A humble clerk with the East India Company for much of his life, Charles Lamb (1775-1834) came into his own writing essays "under the phantom cloud of Elia". This assumed name, borrowed from another clerk, enabled him to put the full resources of his wit at the service of a form to which he was temperamentally suited, and made his own.
Tragic domestic circumstances bound Charles to his sister Mary, with whom he lived "in a sort of double singleness", after she stabbed their mother to death in a fit of madness. Contrasting his tastes in reading with those of his sister, who "must have a story – well, ill, or indifferently told", Lamb confides that "out-of-the-way humours and opinion – heads with some diverting twist in them – the oddities of authorship please me most". Montaigne, whose presence hovers over the Essays of Elia (1823), would have approved.
Lamb's nimble, cadenced prose, with its occasional antiquated turn of phrase, exhibits the same curious mixture of erudition and colloquialism, of seriousness and jest, as that of his French predecessor. For his unruly "little sketches", Lamb, like Montaigne, quarries his own experience, his circle of acquaintances and relatives thinly disguised beneath initials and pseudonyms, just like Elia himself.
Evoked with rare sensuality, the minutiae of everyday life – a card game in "Mrs Battle's Opinions on Whist", the ritual of saying "Grace Before Meat", the perils of lending books in "The Two Races of Men" – are all grist to his mill. Essays of Elia certainly lends itself to repeated reading, and when Lamb's popularity was at its height, his Victorian and Edwardian readers could recite entire passages. Thanks to this elegant new Hesperus edition, Charles Lamb's forgotten masterpiece is ripe for rediscovery.
Summary of the Essay THE SOUTH-SEA HOUSE by Charles Lamb [ from ESSAYS OF ELIA]
The South-Sea House stands on the north side of Thread Needle Street, not far away from the Bank of England, and is a melancholy-looking, handsome, brick and stone edifice. It has magnificent portals revealing a grave courtyard, with cloisters and pillars. It was once a house of trade. Merchants used to assemble here and business was transacted. Now importance is gone, and it is no more than a magnificent relic. The South-Sea House is of interest to Lamb because it is so rich in past associations, now fallen into neglect, though situated as it is in the very centre of business life. Its coolness, its silence and repose, and its indolence are now welcome to Lamb. Lamb was a clerk here for a short time before he went to India House, and remembers things of past, in which all his interest lies. Lamb is speaking of the South Sea House forty years back.
The cashier was one Evans, a Welshman. He wore his hair powdered and frizzed out, the fashion known as Maccaronies. His melancholy face bent over the cash, he ever fumbled with it, fearing that everyone about him was a defaulter including himself. His face seemed to brighten when he sat over his roast veal at Anderton’s at two. It was not till evening that he really came into life. Just on the stroke of six he would tap at the door. Over a muffin he would melt into talk, ranging over old and new London, and he seemed to have such a lot of information.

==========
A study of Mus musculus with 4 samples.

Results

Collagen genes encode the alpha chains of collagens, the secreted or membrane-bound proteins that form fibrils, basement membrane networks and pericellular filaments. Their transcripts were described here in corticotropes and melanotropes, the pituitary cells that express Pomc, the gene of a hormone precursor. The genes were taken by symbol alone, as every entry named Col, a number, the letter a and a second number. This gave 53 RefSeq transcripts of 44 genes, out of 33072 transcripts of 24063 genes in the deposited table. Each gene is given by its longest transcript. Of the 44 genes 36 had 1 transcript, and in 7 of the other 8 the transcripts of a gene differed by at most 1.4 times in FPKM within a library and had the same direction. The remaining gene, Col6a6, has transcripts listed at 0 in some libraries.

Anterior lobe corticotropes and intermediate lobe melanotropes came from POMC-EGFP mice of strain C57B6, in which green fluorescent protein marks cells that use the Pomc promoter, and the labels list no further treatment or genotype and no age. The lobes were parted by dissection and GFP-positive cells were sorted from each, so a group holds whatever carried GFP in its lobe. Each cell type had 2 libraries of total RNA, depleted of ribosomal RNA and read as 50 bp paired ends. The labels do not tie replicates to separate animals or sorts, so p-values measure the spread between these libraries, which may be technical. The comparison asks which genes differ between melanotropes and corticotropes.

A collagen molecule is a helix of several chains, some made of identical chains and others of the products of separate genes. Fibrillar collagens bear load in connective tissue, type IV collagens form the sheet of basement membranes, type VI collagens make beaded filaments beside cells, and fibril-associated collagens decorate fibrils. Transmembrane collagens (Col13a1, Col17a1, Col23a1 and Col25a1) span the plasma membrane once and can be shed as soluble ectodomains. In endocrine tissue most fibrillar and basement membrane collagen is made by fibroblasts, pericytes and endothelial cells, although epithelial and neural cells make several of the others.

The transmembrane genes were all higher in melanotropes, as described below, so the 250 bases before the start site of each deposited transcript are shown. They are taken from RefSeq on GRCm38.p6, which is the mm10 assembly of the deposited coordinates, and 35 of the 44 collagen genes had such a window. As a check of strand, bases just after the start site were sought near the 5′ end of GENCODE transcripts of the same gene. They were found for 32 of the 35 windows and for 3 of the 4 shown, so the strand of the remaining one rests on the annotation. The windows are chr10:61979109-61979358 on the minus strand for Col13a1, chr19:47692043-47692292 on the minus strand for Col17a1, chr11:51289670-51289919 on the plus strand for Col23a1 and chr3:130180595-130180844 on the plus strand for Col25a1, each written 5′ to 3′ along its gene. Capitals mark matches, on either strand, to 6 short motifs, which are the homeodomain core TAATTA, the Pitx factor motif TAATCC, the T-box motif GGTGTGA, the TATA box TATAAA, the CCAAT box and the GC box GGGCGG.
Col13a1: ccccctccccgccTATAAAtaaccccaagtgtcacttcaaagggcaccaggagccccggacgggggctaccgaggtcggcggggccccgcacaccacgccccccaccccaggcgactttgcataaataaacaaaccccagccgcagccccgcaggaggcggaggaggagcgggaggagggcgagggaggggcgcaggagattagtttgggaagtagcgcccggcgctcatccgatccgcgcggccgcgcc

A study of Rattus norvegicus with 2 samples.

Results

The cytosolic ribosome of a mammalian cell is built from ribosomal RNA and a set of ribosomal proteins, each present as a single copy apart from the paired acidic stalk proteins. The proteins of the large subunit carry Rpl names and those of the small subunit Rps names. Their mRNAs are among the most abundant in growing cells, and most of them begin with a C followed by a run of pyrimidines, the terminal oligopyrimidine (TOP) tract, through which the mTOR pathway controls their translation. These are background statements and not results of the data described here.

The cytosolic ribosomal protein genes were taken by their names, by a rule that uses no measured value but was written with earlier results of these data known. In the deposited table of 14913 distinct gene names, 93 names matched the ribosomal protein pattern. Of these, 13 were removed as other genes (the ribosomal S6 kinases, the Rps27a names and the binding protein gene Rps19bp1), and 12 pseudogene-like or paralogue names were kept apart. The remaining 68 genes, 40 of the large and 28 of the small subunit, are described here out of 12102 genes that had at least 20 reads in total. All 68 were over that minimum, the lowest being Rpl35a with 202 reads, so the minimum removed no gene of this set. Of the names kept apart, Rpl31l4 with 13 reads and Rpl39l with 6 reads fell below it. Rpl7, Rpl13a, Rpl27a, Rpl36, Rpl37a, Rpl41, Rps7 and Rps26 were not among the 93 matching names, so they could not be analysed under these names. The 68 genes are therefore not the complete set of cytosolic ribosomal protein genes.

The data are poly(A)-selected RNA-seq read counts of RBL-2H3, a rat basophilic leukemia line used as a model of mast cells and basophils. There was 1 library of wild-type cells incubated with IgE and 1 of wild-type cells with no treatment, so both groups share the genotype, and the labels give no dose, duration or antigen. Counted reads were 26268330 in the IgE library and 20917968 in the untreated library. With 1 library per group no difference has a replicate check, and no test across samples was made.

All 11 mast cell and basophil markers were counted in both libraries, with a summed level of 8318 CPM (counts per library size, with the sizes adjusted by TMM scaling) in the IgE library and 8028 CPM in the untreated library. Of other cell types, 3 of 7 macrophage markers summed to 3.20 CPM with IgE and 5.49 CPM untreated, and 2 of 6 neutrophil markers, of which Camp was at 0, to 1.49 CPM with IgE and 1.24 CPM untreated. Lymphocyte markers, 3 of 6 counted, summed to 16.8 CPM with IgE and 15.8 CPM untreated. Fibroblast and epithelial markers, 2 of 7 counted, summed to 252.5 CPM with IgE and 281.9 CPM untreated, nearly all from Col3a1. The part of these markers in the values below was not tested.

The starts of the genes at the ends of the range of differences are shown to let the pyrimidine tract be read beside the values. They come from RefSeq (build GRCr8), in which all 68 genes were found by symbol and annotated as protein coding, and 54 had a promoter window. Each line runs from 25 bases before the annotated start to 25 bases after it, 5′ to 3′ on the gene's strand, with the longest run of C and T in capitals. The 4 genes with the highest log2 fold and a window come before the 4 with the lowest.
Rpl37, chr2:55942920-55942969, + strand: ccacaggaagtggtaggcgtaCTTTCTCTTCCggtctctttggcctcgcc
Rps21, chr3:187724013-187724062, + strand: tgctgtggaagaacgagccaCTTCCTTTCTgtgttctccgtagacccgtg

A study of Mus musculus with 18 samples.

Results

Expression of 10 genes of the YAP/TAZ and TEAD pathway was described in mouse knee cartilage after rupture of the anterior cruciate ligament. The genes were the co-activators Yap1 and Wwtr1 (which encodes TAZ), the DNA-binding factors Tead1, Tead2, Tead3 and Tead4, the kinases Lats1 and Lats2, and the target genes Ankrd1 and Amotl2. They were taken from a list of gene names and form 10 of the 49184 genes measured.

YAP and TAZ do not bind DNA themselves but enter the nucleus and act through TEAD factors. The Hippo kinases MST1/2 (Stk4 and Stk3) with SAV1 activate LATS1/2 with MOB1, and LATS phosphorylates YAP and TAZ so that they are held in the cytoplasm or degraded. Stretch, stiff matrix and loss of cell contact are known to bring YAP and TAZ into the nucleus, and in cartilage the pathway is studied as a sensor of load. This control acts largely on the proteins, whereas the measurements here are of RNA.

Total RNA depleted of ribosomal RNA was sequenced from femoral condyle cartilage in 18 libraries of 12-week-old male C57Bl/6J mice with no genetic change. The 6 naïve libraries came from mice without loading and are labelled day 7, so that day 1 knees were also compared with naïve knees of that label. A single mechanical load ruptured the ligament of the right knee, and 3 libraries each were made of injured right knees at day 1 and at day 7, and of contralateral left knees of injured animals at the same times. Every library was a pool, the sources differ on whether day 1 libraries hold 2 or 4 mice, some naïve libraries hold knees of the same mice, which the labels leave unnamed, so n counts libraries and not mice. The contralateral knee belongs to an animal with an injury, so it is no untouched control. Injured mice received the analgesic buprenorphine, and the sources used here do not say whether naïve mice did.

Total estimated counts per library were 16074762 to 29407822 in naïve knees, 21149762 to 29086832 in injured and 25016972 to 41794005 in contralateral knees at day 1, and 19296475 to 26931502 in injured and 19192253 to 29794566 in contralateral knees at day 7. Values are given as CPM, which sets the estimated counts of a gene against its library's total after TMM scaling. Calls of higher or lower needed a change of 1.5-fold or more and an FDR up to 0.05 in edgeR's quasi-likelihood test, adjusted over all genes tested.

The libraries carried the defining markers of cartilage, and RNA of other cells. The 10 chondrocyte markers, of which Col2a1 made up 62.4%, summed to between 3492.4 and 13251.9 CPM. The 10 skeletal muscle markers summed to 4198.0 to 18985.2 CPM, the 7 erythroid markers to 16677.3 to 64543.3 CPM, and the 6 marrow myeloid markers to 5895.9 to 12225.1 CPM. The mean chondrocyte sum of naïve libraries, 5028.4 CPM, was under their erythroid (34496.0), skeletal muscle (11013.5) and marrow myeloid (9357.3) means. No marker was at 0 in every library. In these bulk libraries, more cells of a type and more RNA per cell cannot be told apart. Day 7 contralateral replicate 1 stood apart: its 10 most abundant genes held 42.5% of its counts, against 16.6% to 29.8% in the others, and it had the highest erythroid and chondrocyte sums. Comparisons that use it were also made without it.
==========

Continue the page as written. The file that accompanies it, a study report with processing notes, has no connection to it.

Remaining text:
Thomas Tame was his deputy. He had the air and stoop of a gentleman. He seemed to look down condescendingly on anyone to whom he talked, and the latter felt, as soon as his talk ended, what a shallow intellect the man had. Thomas Tame had, however, no riches to support his pretensions. His wife traced her relationship obliquely to an illustrious but unfortunate house of Darwentwaten. It cheered the couples as the bright solitary star of their lives.
The accountant, John Tip, was of a different sort. He had no high pretensions. He had a hobby of his own. It was his fiddle. He had a fine suit of rooms in Thread Needle Street, which resounded every fortnight to the notes of a concert of “sweet breasts”. Tip presided over it. But at desk he appeared quite a prosaic and unromantic man, attending exclusively to the business of writing off dividend warrants and striking the annual balance which was a very serious affair, occupying days and nights a month before it was due. He was a stickler for form. He was the best executer in the world, taking very seriously the duty of protecting the rights of orphans. He was well endowed with the principle of self-preservation, and never took any risk in life.
Lamb recalls Henry Man, the wit, the polished man of letters, the author. He was best known for his gibes and jokes, some of which are recorded in his volumes which Lamb had the good fortune to procure from a stall in Barbican. His wit might have grown little stale in these days of ‘new-born gauds’, but it was highly relished in his life time, and radiates from his chronicles upon Chatham and Shebume, and Rockigham, and Howe, Burgoyne and Clinton.
Maynard could sing exquisitely, and sang the song sung by Amiens to the banished Duke. His father was unapproachable churchwarden of Bishopsgate. Lamb laments the tragic death of Maynard. Lamb could have called up other shadowy figures from the past, but they are now no more than shadows and the living have little interest in them.